Joel D. Joseph co-founded the Made in the USA Foundation in Washington, D.C. in 1989. In 2007 he moved the Foundation to Los Angeles. Joseph is currently chairman and general counsel of the Foundation. He earned his law degree at Georgetown University Law Center in Washington, D.C., in 1973 and earned his BA in economics at Northwestern University, Evanston, Illinois. He also studied economics at Edinburgh University, Edinburgh, Scotland.
Joseph is the author of Black Mondays: Worst Decisions of the Supreme Court (1987), with a foreword by Justice Thurgood Marshall;Employees’ Rights in Plain English (1985); How to Fight City Hall (1983); and Legal Agreements in Plain English (1982). He also wrote a syndicated newspaper column for Knight Ridder Tribune on international trade. Joel has edited six editions of the bookMade in the USA: The Complete Guide to America’s Best Products.
In 1999 Joel Joseph organized The American Crafts Project, which now protects the copyrights of American craft designers. Under this project more than 25 federal lawsuits have been filed resulting in three injunctions against the sale of imported products in violation of copyright laws. An additional 20 cases settled on favorable terms. Included in these cases were actions against Target stores, Wal-Mart, Kohl’s department stores, and K-Mart. Joel prepared and filed all of these cases and personally argued all of the injunction motions. As a part of this project, Joel teaches classes on copyright law to designers at trade shows across the United States.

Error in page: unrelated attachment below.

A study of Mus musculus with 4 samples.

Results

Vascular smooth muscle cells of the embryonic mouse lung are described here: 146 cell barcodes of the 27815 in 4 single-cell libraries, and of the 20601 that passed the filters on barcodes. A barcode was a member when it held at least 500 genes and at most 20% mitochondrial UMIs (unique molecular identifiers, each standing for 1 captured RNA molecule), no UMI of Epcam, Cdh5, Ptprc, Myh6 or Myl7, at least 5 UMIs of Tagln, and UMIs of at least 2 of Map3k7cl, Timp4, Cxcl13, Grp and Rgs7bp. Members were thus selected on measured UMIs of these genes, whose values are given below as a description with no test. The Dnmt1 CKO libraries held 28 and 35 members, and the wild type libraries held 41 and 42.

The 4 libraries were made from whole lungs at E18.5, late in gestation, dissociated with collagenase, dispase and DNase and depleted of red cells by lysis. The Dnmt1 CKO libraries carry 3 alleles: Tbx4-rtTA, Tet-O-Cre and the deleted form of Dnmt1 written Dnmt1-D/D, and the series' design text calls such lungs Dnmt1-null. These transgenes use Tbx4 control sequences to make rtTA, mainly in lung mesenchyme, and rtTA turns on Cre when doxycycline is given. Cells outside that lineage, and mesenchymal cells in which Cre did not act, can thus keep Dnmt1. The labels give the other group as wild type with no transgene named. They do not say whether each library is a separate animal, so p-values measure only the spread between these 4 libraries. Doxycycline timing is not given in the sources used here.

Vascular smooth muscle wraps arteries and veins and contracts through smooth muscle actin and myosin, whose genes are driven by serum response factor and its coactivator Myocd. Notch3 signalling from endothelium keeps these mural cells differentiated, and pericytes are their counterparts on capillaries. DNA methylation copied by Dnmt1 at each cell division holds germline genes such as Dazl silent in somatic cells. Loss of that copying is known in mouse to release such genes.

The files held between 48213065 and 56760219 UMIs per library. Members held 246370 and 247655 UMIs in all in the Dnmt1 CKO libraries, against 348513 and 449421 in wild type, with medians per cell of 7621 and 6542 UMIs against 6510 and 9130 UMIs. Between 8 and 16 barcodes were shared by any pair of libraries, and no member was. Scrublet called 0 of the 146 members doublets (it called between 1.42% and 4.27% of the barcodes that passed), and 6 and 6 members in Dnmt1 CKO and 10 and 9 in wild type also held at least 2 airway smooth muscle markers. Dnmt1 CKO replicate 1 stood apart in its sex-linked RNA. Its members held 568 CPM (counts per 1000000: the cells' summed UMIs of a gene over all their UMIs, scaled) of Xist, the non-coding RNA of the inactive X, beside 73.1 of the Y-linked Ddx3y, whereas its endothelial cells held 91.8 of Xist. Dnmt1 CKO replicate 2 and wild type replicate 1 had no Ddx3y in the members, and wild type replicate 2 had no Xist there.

Joseph drafted and lobbied in Washington for two major pieces of legislation: The American Automobile Labeling Act, which requires country-of-origin labels on cars and trucks, and the Country of Origin Labeling Act (COOL) which requires country of origin labeling on fresh produce, fish, meat and other food products.